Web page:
I know this is a considered a classic, especially of the Science Fiction and Horror genre, so this review is probably not going to contribute much to your understanding of it, but I wanted to post it anyway because I do think it’s a book worth discussing. Especially if it’s a classic you might have skipped!
“…How dangerous is the acquirement of knowledge, and how much happier that man is who believes his native town to be the world, than he who aspires to become greater than his nature will allow.”
I wasn’t expecting much from Frankenstein. Not only have I not had the kind of patience classics sometimes require, but the story of Frankenstein is one so familiar I thought I might be bored.
I was wrong on both counts. While this certainly isn’t the most exciting or fast paced novel, it’s much shorter than most other classics I’ve read and there aren’t (m)any side plots to contend with. As for the story itself- turns out all I really knew was there was a mad scientist who brought to life a human like creature.
I love Shelley’s description and imagery. There were a couple places where she was describing Frankenstein waking up in the woods in spring and listening to the song birds, and another page where Victor was adrift on an ice float in the arctic and the waves tossed him about. It was both vivid and metaphoric.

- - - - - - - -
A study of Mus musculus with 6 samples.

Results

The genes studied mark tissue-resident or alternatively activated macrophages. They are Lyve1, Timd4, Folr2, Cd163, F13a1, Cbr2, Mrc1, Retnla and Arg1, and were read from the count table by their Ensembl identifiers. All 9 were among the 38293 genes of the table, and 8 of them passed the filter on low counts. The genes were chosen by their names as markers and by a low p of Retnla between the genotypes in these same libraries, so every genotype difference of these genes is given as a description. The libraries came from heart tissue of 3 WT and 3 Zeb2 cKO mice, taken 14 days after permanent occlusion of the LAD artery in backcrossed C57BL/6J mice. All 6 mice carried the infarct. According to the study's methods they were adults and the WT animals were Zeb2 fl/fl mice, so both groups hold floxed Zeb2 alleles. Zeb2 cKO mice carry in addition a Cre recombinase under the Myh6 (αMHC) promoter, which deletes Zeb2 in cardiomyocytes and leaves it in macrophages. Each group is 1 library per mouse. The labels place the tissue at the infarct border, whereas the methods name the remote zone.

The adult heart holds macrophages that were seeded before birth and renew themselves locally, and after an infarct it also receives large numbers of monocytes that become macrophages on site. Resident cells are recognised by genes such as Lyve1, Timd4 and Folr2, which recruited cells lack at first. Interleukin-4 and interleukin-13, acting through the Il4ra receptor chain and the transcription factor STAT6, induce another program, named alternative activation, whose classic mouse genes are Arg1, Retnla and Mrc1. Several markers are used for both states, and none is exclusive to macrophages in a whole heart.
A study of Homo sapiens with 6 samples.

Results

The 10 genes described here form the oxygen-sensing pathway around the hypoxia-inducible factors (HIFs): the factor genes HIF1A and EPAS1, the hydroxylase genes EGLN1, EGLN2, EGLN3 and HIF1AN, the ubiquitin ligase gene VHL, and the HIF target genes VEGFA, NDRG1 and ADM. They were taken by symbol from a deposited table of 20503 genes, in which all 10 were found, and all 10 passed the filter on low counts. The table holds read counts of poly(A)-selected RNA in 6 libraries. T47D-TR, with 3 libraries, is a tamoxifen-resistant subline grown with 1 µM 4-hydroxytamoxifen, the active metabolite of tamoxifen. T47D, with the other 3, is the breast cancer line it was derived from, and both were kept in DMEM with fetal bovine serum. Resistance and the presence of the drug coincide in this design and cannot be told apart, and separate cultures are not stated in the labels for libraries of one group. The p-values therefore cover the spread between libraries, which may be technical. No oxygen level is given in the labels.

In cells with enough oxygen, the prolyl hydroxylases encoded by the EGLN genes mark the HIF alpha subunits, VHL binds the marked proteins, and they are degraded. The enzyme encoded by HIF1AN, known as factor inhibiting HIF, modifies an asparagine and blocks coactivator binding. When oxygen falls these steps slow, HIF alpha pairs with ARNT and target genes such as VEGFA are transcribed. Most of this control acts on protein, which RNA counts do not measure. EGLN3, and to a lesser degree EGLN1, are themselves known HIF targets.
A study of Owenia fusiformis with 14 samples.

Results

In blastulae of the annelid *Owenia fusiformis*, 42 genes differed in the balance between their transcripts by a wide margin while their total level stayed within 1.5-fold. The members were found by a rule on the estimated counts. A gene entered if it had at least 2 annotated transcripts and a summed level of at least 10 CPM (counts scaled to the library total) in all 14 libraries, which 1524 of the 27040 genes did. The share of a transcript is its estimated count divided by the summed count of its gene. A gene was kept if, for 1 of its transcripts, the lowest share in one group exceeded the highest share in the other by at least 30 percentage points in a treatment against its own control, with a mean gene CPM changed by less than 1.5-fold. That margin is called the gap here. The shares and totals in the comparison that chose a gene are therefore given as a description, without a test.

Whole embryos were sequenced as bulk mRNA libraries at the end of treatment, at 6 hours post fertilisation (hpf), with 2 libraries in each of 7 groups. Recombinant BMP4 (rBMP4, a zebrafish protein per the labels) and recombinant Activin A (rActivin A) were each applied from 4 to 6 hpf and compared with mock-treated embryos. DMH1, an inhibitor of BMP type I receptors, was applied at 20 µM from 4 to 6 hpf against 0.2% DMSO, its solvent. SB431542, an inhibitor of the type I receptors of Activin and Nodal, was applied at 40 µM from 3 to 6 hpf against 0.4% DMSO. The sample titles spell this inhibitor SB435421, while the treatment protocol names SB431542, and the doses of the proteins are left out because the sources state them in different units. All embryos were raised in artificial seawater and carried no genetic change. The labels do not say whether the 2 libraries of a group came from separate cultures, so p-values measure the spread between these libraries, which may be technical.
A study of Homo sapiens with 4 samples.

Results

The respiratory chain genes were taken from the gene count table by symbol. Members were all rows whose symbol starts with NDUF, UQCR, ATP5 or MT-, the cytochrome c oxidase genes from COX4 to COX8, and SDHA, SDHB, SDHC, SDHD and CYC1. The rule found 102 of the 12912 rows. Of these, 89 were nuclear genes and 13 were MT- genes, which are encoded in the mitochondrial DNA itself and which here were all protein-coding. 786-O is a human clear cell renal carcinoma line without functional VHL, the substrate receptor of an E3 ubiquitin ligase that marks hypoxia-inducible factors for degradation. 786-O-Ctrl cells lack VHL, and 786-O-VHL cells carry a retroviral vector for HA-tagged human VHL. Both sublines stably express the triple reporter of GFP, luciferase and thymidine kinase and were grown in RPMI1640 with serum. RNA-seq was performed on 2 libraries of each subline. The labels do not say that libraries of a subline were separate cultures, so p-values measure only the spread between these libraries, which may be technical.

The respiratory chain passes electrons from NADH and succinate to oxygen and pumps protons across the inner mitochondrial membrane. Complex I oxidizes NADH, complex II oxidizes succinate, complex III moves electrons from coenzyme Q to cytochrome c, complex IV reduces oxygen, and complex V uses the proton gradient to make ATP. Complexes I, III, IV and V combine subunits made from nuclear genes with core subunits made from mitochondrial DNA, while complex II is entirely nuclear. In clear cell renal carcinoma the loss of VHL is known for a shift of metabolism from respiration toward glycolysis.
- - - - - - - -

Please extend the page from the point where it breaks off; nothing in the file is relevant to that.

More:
I also appreciated the language Shelley used. It’s very concise for the times and I didn’t find myself re-reading overly long sentences to try and vaguely grasp their meaning.
“I have devoted my creator, the select specimen of all that is worthy of love and admiration among men, to misery…”
But most of what I enjoyed about this was that there are so many ways to interpret it. In the back of my book there was even a fascinating section about the many ways to read and interpret Frankenstein. Biographical, feminist, an exploration of the nature of man and his relationship to god… I find myself considering and reconsidering passages.
Particularly what resonated most with me was the nature of the relationship between Frankenstein and the creature. It was perhaps a rather blunt way of discussing the nature of man’s relationship to God. Frankenstein made him, but the creature becomes his master. He blames all his misfortunes on Frankenstein and holds him responsible. The ending in particular was fairly moving. After having read the book, and conducting a little research on Shelley, it is worth noting that her husband was a suspected atheist, and I have to wonder if there isn’t a fair bit of scorn within the book for the way Shelley feels people interact with their creator.
All in all, a quick read that is well worth checking out.